Whether you are a first-time buyer or want to make a change from your current home to accommodate life changes and circumstances, you are probably wondering, “How long does it take to buy a house?” The answer is both simple… and remarkably complex. It depends. On what? What can you expect as you go forward? Let’s dig in and see.
Short answer: It takes an average of three to six months to buy a house in the UK at this time. Remember that this is only an average, and many sales are either faster or much slower. When you are planning your own sale, it is important to consider the many variables that influence the length of the process.
Let’s break down the steps involved so you can get a better sense of the timeline.
Finding the Right House
Sometimes, you find the right property immediately. Other times, it takes a bit longer. Thus, we will not “count” it in our timeline. All the same, though, it is an essential step. This can take a day, a week, a month… or longer. But it is the first move you make towards your home.
Securing a Mortgage Agreement in Principle and Mortgage
Good news here: Obtaining a mortgage agreement in principle is usually a streamlined process. Typically, you can arrange this within one day. Remember, a mortgage agreement in principle, or AIP, is not the same as a guaranteed mortgage. Lenders conduct a preliminary search of your finances to determine a ballpark that you qualify for in terms of a mortgage. Still, it is a critical step as it indicates to sellers that you are serious and have the capacity to complete a transaction.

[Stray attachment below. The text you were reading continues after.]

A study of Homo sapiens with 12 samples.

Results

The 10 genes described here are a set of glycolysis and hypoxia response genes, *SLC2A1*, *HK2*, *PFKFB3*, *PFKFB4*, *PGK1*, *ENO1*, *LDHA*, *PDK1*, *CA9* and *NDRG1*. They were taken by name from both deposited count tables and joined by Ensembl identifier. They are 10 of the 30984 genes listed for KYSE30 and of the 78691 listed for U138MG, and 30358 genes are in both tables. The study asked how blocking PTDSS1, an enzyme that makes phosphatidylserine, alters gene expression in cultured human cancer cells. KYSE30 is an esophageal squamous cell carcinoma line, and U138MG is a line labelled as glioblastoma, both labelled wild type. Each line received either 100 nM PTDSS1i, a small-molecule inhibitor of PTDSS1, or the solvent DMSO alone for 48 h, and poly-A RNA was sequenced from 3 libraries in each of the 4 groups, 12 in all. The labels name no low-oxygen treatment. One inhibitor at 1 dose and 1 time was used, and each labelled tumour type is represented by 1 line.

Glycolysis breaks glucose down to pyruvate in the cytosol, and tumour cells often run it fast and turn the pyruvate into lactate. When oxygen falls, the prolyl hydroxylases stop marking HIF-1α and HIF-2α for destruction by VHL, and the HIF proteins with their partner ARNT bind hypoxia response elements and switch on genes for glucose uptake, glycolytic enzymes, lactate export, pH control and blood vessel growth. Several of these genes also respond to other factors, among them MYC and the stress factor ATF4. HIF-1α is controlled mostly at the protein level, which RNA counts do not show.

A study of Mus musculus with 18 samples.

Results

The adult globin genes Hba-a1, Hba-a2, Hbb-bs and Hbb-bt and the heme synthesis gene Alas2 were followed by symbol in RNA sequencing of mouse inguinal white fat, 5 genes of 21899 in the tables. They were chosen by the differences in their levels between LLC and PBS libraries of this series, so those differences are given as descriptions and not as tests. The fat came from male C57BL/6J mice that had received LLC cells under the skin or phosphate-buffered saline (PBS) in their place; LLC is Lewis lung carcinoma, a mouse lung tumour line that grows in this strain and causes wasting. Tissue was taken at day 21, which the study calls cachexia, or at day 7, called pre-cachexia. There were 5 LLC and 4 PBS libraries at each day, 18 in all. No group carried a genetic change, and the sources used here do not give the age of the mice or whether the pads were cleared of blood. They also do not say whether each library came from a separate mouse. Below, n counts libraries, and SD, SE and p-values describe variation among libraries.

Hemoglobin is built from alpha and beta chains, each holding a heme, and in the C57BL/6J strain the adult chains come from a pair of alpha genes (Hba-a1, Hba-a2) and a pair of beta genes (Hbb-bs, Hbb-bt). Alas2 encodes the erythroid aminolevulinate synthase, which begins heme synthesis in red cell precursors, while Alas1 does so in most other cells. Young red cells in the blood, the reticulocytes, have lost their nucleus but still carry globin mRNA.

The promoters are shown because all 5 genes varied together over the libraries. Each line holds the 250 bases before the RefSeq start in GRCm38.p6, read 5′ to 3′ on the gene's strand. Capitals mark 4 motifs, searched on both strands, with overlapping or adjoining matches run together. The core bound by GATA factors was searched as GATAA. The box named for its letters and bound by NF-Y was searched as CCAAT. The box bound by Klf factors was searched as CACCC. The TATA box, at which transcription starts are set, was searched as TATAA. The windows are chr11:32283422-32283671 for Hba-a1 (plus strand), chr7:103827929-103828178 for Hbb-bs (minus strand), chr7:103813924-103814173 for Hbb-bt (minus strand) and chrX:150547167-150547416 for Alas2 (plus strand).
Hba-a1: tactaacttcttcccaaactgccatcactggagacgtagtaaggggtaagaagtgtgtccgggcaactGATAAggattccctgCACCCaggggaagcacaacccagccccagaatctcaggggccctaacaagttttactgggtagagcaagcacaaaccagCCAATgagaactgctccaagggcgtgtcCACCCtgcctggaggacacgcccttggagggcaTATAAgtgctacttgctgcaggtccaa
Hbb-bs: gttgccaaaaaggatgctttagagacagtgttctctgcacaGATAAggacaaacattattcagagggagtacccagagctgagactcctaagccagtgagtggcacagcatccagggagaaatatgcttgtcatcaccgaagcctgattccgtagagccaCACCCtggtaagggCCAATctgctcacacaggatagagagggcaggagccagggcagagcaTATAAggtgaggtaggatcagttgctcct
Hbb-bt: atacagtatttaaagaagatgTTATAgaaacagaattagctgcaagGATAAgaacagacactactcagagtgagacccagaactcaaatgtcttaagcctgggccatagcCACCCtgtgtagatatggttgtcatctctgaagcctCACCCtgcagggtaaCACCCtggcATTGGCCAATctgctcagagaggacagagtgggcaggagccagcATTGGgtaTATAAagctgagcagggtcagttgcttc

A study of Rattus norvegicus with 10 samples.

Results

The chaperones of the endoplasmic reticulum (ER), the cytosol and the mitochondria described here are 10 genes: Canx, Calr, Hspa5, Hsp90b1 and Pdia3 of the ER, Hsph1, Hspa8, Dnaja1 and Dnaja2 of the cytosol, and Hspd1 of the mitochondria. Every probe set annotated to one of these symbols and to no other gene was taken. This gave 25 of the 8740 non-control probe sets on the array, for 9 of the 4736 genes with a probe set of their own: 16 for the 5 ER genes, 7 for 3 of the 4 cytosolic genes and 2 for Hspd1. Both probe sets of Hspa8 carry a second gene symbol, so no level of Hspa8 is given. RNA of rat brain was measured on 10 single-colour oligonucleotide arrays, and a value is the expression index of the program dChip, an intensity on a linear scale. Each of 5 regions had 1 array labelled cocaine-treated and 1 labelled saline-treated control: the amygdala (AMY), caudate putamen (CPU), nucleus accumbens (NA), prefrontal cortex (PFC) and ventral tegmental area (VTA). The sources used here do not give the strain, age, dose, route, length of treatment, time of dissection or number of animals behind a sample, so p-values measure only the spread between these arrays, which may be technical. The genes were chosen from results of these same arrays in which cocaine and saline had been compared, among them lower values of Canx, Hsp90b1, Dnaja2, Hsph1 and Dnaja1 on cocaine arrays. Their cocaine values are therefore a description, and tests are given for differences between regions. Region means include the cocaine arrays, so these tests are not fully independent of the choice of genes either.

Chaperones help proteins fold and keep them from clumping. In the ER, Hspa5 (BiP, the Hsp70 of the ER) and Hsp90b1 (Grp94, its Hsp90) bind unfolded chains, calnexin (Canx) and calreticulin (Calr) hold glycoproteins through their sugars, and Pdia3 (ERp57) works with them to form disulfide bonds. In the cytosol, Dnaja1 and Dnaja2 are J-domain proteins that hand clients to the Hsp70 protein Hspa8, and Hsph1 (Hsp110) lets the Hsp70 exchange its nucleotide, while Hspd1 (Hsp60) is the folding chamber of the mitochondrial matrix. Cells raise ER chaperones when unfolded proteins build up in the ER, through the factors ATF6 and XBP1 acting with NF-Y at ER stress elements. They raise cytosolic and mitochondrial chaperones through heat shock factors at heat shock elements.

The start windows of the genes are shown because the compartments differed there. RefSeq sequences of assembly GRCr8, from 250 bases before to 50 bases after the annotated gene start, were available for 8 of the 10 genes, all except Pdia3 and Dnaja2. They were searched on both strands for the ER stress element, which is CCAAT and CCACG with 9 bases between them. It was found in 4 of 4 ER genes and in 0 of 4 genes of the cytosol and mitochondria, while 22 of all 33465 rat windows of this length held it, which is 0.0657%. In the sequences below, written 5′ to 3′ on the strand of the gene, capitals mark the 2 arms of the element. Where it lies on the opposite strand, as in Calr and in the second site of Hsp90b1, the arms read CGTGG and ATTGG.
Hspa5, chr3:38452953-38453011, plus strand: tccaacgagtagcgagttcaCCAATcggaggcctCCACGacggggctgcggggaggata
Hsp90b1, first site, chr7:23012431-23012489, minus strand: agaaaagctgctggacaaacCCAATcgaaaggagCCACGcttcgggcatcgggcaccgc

When you make an offer, it is time to reach out to the lender for a mortgage. This will be contingent upon the results of the surveys. The timeframe for this is between three to six weeks.
Having an experienced conveyancer or solicitor on your team is important when buying a house. You can do it yourself, but the process is full of complexities and legalities that can trip you up. You want to make sure every aspect is conducted properly. This part of the sales process can take two to three months.
Technically speaking, you can buy a property without surveys. However, it is strongly recommended that you do not skip this step. At this stage, the surveyor will inspect the property; they may uncover issues that impact the value – and the listing price. For example, there may be leaks in the roof, faulty or outdated wiring, subsidence or other problems of which you need to be aware.
Depending on the surveyor and the types of surveys you instruct, you are looking at a time frame of two to three weeks.
After surveys and searches are complete, you are certainly making good progress. It is up to you, with input from your lender and insurance company, to decide if any issues uncovered during this step are acceptable. If serious problems are present, your lender and/or insurer may not finance or cover this property. They may be amenable to negotiations, so, should the seller address the issues, you may proceed. This can be a tense period and negotiations may be necessary.
Your timeline? It can be weeks to get these issues ironed out if there are problems. If all is to plan, you can proceed to exchange contracts quickly.
Exchange of Contracts
Till this point, any offer or agreement is non-binding. Either you or the seller can walk away without consequence. When you exchange contracts, the agreement becomes legally binding. If you pull out, or if the seller does, there will be legal and financial penalties.
Usually, the exchange of contracts occurs about 14 days before completion but can take up to 28 days.
Completion and Moving Day
This is it! You are there. On this day, the deal will be finalised, fees paid, funds transferred and keys handed over. Completion and moving days can take 24 hours, but moving may take longer if that is provided for in the contract.
If all goes well, you could be home within a few months of finding the perfect property.